Accuracy in Media

When you look back over the campaign coverage, some of the worst cases involved the phony CBS News story against President Bush over his National Guard service, and the joint CBS News/New York Times investigation of missing explosives in Iraq.  CBS News had wanted to run that story just three days before the election.  The Times beat its partner to the punch, running the story about a week before the election and giving John Kerry the opportunity to beat Bush over the head with it.  The essential elements of the story soon came into question, but not before Kerry used the Times story in a negative campaign ad against Bush.

Another atrocious story which made Republicans look bad was carried by the Washington Post on October 17 under the headline “Gatherings.”  It was about a so-called “Republican barbecue” of people engaging in strange behavior.  The Post claimed that the event was “punctuated by the possibly unprecedented occurrence of a young woman in a cowboy hat pretending to make out with a poster of Dick Cheney.”

Five days later, the Post ran this correction, which we quote in its entirety: “In the Oct. 17 Sunday Source, the ‘Gatherings’ story described a Republican barbecue held to watch a presidential debate.  The item reported ‘the possibly unprecedented occurrence of a young woman in a cowboy hat pretending to make out with a poster of Dick Cheney.’ The item should have explained that the woman was asked to pose with the vice president’s picture by the photographer working for The Washington Post.  The woman also did not pretend to ‘make out’ with the picture; at the photographer’s suggestion, she pretended to blow a kiss at it.  The item should have explained that the party was hosted in response to a request from The Post, which discussed the decorations and recipes with the host and agreed to reimburse the cost of recipe ingredients.”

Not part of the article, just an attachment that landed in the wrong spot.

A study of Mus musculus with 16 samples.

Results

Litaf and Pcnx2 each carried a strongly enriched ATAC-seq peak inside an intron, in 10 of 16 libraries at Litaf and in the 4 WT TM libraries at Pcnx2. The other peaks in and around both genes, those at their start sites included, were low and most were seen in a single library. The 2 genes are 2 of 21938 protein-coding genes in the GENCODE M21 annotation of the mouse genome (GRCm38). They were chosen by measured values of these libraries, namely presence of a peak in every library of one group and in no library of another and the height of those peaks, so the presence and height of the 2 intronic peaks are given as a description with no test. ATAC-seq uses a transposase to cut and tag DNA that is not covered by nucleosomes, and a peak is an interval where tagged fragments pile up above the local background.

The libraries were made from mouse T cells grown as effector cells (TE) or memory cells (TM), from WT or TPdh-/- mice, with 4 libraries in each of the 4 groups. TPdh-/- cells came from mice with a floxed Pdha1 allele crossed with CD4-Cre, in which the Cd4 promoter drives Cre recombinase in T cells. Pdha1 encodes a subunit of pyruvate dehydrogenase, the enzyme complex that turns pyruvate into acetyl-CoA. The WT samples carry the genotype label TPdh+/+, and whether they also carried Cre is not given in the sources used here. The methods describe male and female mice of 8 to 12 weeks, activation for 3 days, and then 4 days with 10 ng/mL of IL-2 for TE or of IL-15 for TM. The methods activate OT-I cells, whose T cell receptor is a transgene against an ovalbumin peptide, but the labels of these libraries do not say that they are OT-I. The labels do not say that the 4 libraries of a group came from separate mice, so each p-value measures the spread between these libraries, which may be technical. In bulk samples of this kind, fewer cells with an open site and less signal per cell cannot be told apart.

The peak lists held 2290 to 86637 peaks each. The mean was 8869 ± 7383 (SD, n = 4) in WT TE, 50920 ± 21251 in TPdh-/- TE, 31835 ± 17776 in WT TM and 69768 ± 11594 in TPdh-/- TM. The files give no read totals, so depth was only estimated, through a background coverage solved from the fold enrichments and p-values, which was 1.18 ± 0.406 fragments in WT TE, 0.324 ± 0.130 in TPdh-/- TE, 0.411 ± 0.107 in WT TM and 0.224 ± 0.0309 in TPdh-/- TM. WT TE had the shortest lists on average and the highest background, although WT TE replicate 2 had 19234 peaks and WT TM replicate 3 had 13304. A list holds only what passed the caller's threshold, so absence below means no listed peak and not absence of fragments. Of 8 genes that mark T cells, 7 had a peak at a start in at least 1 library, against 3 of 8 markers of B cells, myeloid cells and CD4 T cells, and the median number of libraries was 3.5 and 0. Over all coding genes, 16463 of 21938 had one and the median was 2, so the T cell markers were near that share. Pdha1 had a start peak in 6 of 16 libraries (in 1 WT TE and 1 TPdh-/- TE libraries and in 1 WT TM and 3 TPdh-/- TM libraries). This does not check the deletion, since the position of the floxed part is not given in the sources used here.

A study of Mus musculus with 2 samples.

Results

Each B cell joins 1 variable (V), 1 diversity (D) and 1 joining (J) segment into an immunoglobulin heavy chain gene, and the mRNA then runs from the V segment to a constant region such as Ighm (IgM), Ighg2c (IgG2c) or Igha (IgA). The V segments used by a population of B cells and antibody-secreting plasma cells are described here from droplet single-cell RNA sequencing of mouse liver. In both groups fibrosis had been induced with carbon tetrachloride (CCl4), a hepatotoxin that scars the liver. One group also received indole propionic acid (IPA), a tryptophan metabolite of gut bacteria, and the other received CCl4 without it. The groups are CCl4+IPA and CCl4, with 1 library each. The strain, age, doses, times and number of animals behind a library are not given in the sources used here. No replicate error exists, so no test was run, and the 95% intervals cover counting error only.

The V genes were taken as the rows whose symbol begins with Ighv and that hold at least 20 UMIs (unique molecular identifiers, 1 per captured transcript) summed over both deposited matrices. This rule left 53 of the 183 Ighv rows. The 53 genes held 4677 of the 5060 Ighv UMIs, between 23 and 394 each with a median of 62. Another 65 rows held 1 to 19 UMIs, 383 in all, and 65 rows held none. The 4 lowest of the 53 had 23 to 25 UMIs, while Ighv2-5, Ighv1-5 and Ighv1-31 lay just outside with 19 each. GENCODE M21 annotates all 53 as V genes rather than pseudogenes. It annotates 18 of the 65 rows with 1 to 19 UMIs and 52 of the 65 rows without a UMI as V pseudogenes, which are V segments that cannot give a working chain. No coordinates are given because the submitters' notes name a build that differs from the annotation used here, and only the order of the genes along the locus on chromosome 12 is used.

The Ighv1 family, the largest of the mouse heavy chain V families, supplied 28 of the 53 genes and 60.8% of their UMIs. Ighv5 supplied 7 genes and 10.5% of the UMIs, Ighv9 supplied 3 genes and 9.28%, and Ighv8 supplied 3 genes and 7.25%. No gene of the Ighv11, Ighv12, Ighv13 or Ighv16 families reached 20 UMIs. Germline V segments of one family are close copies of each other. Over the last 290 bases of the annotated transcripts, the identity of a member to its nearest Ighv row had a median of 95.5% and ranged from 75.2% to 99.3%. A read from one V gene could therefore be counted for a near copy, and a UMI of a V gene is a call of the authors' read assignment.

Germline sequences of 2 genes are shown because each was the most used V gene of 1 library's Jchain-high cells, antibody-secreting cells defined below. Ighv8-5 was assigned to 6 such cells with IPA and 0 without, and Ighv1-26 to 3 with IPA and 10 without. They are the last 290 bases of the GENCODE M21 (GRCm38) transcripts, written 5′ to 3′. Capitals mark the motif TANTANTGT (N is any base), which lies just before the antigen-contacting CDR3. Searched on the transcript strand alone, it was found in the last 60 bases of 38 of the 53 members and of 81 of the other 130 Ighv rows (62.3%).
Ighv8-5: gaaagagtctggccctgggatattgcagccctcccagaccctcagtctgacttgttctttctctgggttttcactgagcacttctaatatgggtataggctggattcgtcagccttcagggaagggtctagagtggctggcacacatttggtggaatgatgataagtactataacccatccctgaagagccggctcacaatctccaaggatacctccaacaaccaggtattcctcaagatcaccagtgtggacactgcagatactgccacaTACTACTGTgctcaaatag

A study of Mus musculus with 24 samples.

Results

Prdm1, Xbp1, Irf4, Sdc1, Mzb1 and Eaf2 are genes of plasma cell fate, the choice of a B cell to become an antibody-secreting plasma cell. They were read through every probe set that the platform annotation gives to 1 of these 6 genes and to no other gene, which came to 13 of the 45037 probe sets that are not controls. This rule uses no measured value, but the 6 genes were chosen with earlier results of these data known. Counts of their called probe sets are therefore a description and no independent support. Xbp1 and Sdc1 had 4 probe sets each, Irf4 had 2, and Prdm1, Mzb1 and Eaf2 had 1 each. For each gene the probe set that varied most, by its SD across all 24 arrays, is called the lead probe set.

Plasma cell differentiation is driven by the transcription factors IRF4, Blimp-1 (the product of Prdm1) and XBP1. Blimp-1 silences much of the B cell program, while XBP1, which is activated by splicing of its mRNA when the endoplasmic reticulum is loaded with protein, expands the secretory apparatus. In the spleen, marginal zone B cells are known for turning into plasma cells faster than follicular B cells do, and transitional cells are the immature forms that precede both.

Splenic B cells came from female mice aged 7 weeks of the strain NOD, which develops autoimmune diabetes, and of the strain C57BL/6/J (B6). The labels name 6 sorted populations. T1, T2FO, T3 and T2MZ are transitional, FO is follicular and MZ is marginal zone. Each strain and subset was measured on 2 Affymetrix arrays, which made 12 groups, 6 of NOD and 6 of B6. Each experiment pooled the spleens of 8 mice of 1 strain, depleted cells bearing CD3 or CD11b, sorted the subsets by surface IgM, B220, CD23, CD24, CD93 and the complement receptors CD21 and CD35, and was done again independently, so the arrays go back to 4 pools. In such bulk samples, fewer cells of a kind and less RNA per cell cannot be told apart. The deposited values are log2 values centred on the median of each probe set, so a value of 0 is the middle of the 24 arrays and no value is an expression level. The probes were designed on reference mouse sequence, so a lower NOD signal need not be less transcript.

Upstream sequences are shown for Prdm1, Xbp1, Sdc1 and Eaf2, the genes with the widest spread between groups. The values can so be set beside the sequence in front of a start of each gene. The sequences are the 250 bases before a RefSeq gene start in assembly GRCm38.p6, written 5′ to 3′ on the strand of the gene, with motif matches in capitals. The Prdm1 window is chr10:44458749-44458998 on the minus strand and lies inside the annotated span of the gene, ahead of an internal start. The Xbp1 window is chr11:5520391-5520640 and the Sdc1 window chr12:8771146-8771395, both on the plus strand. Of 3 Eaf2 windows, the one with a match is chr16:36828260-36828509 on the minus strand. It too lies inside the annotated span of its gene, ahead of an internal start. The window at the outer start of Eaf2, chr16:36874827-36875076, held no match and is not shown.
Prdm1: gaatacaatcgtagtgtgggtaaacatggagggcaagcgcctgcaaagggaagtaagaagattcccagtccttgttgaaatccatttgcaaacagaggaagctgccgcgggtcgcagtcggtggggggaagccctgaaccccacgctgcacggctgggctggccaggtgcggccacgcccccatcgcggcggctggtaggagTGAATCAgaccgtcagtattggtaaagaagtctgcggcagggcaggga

This correction should have been an apology.  The Post asked for the party to occur and paid for some of it.  Then the Post asked the participants to engage in strange behavior, including kissing that picture of Cheney, which was transformed into something it was not.  The story had manufactured elements in order to make it more dramatic than it actually was. 

A reader’s short letter ran in the Post under the title, “Ethical Embarrassment.” The writer, from Fairfax, Virginia, commented, “According to the Corrections column of Oct. 22, your Sunday Source editors partially funded a meal to watch a presidential debate, sent along a photographer to take staged pictures, and then reported the event?with all the objectivity of a supermarket tabloid.  I expect better from The Post.”

These incidents help demonstrate how major organs of the national liberal media will do almost anything to make Republicans and Republican officials look bad.  Yes, a correction occurred in the case of that “Republican barbecue,” but it appeared five days later and in a different section of the paper.  The correction, of course, was much smaller than the original story.  It’s a safe bet that most people who saw the original story did not see the correction.  No wonder some people call the paper the Washington Compost.